Open Access Open Badges Research article

Rates of undiagnosed attention deficit hyperactivity disorder in London drug and alcohol detoxification units

Zoe Huntley12, Stefanos Maltezos2, Charlotte Williams12, Alun Morinan3, Amy Hammon12, David Ball1, E Jane Marshall4, Francis Keaney3, Susan Young7, Patrik Bolton15, Karen Glaser6, Raoul Howe-Forbes1, Jonna Kuntsi1, Kiriakos Xenitidis2, Declan Murphy2 and Philip J Asherson1*

Author Affiliations

1 MRC Social Genetic and Developmental Psychiatry, Institute of Psychiatry, Kings College London, London, SE 58AF, UK

2 Behavioural Genetics Unit, Institute of Psychiatry, Kings College London, London, SE, 58AF, UK

3 Addiction Unit, Maudsley Hospital, London, SE, 58AF, UK

4 National Addiction Centre, Institute of Psychiatry, Kings College London and Bethlem Addiction Service, South London and Maudsley NHS Foundation Trust, London, SE, 5 8AF, UK

5 Child and Adolescent Psychiatry, Institute of Psychiatry, Kings College London, London, SE, 58AF, UK

6 Institute of Gerontology, King's College London, London, WC, 2R 2LS, UK

7 Department of Forensic and Neurodevelopmental Sciences, Institute of Psychiatry, Kings College London, UK, SE58AF & Broadmoor Hospital, Crowthorne, Berkshire, UK, RG45 7EG


Published: 6 December 2012



ADHD is a common childhood onset mental health disorder that persists into adulthood in two-thirds of cases. One of the most prevalent and impairing comorbidities of ADHD in adults are substance use disorders. We estimate rates of ADHD in patients with substance abuse disorders and delineate impairment in the co-morbid group.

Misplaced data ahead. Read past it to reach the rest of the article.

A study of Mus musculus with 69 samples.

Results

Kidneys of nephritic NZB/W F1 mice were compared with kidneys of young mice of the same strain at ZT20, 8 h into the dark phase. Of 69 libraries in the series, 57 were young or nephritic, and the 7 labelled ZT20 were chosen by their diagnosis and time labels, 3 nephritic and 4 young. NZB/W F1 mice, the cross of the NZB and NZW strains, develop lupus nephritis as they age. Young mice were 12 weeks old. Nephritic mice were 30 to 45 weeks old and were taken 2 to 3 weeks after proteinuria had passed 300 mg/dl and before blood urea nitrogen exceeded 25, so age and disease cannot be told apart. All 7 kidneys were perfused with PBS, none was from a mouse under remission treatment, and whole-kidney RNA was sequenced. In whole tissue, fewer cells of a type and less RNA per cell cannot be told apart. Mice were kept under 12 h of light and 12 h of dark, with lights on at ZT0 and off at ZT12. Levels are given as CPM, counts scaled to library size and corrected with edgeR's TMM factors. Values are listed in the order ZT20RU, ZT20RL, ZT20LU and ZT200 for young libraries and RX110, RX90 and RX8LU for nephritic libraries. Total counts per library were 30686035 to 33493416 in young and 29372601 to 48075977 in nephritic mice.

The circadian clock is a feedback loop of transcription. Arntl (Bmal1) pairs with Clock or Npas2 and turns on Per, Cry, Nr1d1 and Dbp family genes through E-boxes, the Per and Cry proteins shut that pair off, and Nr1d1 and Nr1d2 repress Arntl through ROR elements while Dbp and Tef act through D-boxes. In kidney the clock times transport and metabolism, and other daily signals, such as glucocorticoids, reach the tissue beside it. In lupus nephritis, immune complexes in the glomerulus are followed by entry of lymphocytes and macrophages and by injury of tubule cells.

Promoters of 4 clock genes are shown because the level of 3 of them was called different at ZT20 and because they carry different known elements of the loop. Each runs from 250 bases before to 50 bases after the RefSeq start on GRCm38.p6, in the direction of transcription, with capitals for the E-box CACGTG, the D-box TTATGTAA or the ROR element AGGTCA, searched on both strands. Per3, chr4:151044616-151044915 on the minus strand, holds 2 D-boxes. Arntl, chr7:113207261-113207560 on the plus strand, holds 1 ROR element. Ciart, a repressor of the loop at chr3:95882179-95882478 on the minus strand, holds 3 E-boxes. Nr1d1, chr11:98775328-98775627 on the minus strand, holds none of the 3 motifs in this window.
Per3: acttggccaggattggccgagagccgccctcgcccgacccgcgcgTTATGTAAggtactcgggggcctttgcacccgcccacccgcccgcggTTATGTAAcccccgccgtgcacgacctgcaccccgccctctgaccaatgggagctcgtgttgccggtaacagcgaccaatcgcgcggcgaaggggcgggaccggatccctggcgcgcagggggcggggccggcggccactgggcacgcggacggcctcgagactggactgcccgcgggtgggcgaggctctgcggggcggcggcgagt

Screening for ADHD followed by a research diagnostic interview in people attending in-patient drug and alcohol detoxification units.


We estimated prevalence of undiagnosed ADHD within substance use disorder in-patients in South London around 12%. Those individuals with substance use disorders and ADHD had significantly higher self-rated impairments across several domains of daily life; and higher rates of substance abuse and alcohol consumption, suicide attempts, and depression recorded in their case records.


This study demonstrates the high rates of untreated ADHD within substance use disorder populations and the association of ADHD in such patients with greater levels of impairment. These are likely to be a source of additional impairment to patients and represent an increased burden on clinical services.